We are a tapestry of our experiences

“Tapestry” by (sean) is licensed under CC BY-NC 2.0

One night I had a dream. There was a room full of people, including a small crowd gathered around a man. They were smiling as they looked at something.

When I got closer, I could see that the man was Jesus and the object they were studying was a mop. “What’s that?”, I asked. Jesus said, “It’s your life”, as the people around him looked at me, not unkindly. “But it’s dirty!”, I said. Jesus said, “Not, it’s not dirty, just stained.”

What I understood right away was that those stains represented the life I had lived, and there was nothing dirty or wrong about them.

Everything in your life to this moment has made you the person you are. The argument you had with your mother about the clothes you wanted to wear. The semester where you got up early for swim practice and ended up being all-conference. The guilt you felt about breaking up with a nice guy.

Nothing in your personal history is wasted.

A couple of weekends ago, a friend of mine ran in a relay and described it as “a life-changing experience.” I was delighted for her and have thought about it much since.

What is it that makes the difference between a fleeting moment and an important event in our personal history?

When I think about the moments that have been most life-altering for me, they were mostly about other people, my attitude, and what I brought to the table at that time. Helen Schucman wrote in A Course in Miracles, “When you meet anyone, remember it is a holy encounter. As you see him you will see yourself. As you treat him you will treat yourself. As you think of him you will think of yourself. Never forget this, for in him you will find yourself or lose yourself.”

It is my belief that we were put on Earth to be in relationship. While there are times we need solitude, it is our interactions with others that will provide the most beautiful colors of our lives.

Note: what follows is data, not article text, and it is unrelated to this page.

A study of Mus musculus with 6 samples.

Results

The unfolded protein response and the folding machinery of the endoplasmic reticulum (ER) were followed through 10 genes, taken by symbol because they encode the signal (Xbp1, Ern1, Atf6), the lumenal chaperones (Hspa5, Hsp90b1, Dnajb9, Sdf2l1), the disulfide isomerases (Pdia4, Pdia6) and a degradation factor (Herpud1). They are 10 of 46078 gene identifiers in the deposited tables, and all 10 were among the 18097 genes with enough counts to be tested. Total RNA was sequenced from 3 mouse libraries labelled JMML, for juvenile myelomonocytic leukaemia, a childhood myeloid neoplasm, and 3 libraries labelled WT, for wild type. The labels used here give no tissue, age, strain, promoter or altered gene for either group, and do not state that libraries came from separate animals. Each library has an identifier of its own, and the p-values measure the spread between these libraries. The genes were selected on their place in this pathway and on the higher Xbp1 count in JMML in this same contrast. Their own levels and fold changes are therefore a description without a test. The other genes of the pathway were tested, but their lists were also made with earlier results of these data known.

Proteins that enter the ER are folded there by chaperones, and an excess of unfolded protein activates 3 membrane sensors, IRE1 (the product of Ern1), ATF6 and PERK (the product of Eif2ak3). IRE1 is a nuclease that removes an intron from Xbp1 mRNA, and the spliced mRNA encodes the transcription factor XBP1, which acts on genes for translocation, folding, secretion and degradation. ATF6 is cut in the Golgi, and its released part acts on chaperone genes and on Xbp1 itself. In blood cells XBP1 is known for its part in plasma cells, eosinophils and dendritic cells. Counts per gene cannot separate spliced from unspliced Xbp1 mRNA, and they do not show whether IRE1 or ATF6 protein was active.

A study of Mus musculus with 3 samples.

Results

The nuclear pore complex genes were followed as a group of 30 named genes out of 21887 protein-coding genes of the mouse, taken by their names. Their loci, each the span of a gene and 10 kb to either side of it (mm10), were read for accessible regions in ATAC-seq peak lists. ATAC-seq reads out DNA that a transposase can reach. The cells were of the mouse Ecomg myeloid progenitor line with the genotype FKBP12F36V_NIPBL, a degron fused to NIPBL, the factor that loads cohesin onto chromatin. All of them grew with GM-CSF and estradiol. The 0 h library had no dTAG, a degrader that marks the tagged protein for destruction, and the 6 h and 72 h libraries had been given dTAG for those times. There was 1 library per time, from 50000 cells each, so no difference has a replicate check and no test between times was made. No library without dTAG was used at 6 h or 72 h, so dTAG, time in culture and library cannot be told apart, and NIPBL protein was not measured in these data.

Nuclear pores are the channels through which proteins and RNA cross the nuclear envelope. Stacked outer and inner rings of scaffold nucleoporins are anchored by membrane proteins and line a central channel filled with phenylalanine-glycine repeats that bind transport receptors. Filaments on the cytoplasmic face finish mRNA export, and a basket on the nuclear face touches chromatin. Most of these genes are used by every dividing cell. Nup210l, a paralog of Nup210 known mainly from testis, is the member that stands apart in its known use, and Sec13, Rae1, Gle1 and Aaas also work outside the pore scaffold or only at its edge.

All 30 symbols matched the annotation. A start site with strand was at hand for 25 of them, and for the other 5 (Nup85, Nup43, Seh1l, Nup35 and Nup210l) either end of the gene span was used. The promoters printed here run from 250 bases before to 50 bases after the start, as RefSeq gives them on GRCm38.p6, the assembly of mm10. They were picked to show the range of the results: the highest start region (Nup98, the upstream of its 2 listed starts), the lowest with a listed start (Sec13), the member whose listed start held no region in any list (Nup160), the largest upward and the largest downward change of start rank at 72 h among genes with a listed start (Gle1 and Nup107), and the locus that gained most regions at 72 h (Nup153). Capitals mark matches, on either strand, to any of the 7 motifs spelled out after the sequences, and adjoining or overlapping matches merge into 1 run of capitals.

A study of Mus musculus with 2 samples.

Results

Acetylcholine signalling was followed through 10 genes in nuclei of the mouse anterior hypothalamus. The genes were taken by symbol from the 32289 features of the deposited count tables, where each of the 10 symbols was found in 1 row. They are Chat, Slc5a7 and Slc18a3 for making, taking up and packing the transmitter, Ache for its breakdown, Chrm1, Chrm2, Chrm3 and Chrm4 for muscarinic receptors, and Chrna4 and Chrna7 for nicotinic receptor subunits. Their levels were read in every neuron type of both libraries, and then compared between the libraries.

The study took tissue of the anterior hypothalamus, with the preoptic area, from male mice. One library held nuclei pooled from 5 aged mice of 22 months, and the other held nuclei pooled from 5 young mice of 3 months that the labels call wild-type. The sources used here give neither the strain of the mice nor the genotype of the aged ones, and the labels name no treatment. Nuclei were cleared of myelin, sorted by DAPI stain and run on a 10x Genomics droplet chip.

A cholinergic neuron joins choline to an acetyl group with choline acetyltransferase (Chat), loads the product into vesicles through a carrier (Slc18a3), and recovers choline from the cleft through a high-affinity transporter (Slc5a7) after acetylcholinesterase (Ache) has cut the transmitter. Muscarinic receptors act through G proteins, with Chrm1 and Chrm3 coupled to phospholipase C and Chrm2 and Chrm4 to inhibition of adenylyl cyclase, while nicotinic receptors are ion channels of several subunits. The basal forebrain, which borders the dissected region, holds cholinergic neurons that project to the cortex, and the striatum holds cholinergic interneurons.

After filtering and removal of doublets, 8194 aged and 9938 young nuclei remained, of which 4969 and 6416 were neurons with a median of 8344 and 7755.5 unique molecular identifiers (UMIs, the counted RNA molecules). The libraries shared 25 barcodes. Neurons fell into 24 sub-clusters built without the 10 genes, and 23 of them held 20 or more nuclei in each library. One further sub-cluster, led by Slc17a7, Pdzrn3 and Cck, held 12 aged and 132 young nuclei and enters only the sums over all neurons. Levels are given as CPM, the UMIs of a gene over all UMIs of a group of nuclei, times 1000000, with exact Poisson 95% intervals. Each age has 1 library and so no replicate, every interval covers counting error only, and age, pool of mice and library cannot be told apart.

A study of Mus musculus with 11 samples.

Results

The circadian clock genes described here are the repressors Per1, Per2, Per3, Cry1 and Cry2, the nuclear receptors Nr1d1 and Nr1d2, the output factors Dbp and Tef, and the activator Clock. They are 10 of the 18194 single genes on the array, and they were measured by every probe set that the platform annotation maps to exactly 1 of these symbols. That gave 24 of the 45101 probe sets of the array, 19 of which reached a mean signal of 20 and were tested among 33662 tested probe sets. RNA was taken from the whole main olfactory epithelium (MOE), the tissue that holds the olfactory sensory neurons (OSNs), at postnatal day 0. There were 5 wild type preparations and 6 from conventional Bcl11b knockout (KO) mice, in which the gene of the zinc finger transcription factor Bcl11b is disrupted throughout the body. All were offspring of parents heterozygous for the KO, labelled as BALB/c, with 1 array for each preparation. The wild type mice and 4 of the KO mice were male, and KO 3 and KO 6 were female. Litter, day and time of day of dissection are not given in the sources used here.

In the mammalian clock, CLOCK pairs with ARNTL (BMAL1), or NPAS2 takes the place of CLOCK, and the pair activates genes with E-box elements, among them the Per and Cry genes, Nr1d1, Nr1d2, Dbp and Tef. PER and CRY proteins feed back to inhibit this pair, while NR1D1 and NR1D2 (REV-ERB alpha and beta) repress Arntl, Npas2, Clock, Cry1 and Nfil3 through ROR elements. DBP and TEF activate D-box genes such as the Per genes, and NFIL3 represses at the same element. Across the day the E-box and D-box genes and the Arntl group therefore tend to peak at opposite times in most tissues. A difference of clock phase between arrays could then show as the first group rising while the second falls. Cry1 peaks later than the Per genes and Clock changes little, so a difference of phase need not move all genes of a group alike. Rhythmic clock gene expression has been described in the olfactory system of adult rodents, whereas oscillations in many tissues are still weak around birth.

I think this day of words spoken to me which changed my life, especially those spoken in kindness and love. When my mother died when I was twelve, my older cousin came into my room. He said, “If you try to break one pencil, it’s not hard. But if you hold many pencils together, they won’t break. Hold tight to your family and friends and you won’t break.”

Once a girlfriend told me “You are perfect”, and though I didn’t believe her, it’s remarkable how much I needed to hear it at the time. Just the notion that someone believed in me so much was the antidote to so much negativity I experienced at home.

A professor who I especially admired once told me the story of his brother’s suicide. That he would share something tender with me helped me see something worthwhile in myself.

I like to celebrate my friends any chance I can get. Sometimes I wonder if it’s too over-the-top, if I make too much of a fuss. Last night, I was considering that today is a friend’s birthday, and that I would see her in barre class early this morning. I decided to get her some flowers to start her birthday morning. She told me later that buying flowers was on her list of three things to do, and that receiving them was better than buying them herself. Our encounters aren’t just holy because of the improbability of circumstances that would bring us together. They are holy when we make them holy.

You will encounter others today and the degree to which it is a life-changing experience will depend on how you regard others. As your time goes on, the colors of your life will be determined by the words you give and receive. May those colors be rich hues, deep reds and greens and blues, reflecting the depth of a meaningful and rich life.